Copyright © 1997 The Open Group

UMA Reference Model

The UMA reference model defines four layers and two interfaces, as shown in UMA Layers and Interfaces .

Figure: UMA Layers and Interfaces

Functional Layers

In order, from data capture to application program, the functional layers are:


UMA establishes two programmatic interfaces which concern data provider developers and measurement applications:

The interface between the DSL and the MCL is not formally specified. These two layers, though functionally distinct, may be combined in some implementations.

Components and Interfaces of UMA illustrates the two programmatic interfaces (DCI and MLI) in relation to the functionality of UMA components.

Figure: Components and Interfaces of UMA

UMA Characteristics

The three layers, DCL, MCL, and DSL, and the two interfaces, DCI and MLI, comprise the basic UMA facility. When this document describes UMA or refers to UMA characteristics, it is describing the combined capabilities of these layers and interfaces. The MLI isolates a MAP from the implementation details of the rest of UMA. Interactions between a MAP and UMA are carried out through the MLI.

The UMA reference model provides several advantages over the older data collection and display programs such as sar. The structure of the DCL, and the DCI, permits the extension of data collection to new devices or services without affecting existing programs.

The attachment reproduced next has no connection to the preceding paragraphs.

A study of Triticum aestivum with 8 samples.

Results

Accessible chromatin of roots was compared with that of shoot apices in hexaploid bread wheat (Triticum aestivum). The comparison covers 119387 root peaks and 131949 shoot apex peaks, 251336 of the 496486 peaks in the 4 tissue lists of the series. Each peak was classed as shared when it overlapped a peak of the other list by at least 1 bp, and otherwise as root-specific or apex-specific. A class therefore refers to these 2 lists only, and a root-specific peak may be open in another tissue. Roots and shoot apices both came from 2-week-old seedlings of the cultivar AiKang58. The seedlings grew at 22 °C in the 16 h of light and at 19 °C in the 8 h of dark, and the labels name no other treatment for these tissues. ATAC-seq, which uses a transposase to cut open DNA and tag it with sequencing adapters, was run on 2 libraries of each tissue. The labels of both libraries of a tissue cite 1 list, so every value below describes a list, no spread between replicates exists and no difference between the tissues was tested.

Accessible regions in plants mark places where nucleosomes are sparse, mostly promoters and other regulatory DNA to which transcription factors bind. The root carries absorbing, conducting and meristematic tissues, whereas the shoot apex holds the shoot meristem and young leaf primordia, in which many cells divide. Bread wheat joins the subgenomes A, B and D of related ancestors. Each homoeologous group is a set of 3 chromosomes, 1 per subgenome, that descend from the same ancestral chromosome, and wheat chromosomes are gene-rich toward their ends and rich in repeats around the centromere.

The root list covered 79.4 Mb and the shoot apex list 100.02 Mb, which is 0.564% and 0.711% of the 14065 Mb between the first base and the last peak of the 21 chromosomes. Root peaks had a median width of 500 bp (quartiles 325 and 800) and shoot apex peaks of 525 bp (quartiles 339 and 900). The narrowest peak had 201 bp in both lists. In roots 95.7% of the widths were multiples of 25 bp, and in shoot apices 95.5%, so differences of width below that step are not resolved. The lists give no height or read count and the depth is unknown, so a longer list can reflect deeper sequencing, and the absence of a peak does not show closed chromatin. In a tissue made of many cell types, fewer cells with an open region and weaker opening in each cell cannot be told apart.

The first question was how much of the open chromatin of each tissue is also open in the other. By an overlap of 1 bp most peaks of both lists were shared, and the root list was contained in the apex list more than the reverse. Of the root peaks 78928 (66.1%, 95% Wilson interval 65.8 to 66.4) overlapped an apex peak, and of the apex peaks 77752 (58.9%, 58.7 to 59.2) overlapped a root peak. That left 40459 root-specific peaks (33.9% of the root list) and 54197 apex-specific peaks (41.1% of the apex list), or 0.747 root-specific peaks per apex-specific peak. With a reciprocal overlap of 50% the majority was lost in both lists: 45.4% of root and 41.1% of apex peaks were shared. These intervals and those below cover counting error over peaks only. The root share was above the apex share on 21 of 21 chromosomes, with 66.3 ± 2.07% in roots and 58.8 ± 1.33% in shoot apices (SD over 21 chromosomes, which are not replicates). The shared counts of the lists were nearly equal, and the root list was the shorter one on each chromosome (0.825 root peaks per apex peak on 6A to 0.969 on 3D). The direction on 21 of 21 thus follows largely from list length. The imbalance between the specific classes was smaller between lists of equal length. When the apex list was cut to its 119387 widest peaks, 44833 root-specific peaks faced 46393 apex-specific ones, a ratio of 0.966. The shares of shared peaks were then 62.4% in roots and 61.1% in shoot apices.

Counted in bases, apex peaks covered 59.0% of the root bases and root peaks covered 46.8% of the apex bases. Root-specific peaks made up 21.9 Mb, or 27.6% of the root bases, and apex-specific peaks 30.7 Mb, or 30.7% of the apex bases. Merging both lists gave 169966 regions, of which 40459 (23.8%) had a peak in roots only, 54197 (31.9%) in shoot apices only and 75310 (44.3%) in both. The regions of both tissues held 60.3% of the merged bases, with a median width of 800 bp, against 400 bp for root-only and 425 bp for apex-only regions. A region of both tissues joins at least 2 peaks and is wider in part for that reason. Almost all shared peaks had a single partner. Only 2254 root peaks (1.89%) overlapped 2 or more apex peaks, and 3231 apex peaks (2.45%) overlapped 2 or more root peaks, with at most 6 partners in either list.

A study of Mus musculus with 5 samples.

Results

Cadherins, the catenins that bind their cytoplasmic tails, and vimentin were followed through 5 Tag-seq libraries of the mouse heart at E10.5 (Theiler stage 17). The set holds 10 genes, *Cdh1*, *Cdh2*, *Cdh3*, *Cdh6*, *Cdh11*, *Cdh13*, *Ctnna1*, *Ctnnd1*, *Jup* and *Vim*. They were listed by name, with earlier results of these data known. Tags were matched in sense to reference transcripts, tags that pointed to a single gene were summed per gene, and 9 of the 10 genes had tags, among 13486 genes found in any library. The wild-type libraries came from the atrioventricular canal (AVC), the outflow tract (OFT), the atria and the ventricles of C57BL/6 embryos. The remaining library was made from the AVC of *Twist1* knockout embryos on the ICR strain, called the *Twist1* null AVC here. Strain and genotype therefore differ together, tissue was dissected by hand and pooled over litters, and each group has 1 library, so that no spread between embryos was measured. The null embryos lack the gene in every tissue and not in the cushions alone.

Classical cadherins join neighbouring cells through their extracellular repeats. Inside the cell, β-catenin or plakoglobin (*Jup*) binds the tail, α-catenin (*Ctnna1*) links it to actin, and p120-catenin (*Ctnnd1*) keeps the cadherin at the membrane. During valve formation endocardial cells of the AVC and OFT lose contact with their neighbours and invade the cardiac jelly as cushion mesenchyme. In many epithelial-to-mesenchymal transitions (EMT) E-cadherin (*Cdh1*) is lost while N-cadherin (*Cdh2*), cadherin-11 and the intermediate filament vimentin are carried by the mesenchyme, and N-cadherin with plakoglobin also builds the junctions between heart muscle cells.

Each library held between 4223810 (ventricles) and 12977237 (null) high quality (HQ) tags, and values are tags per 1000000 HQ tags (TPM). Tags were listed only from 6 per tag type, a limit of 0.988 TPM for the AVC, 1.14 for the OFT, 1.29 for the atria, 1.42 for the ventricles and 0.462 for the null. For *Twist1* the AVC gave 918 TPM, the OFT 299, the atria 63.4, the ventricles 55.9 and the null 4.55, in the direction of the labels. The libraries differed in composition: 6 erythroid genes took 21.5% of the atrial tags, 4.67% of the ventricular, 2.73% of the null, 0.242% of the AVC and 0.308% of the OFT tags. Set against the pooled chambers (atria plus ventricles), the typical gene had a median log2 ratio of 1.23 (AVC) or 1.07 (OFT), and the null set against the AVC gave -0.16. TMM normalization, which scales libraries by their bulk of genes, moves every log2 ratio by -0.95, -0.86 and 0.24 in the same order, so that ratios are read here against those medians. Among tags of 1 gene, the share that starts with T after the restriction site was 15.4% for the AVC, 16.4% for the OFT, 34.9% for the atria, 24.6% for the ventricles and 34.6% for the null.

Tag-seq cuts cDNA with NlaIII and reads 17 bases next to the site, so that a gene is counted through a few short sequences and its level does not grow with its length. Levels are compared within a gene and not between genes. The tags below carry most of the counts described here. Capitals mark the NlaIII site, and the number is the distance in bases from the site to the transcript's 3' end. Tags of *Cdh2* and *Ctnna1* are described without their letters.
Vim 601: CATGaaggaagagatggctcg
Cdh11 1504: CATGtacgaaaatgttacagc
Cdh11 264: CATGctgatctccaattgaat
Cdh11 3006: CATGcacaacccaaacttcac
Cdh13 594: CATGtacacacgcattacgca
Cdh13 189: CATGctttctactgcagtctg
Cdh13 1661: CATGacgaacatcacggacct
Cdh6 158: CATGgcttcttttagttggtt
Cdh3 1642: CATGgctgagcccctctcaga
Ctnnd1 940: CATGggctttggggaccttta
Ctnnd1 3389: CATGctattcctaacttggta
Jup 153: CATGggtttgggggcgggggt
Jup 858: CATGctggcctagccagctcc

Additionally, the architecture of the DCL allows the data from multiple providers to be collected by a single layer and this in turn improves the synchronisation of the collected data. For example, since the data reported by sar and various other statistical commands use different data collection routines, there is an unpredictable time delay between datapoints collected by one program and datapoints collected by the other. With UMA, the collection is more closely synchronised.

By having UMA manage the collection and distribution of data, multiple application programs can use the same collected data. This results in savings of memory, disk space, and system overhead. The MLI and the DSL allow transparent communication across networks, therefore a MAP running on one system can manage and display data from another system across the network.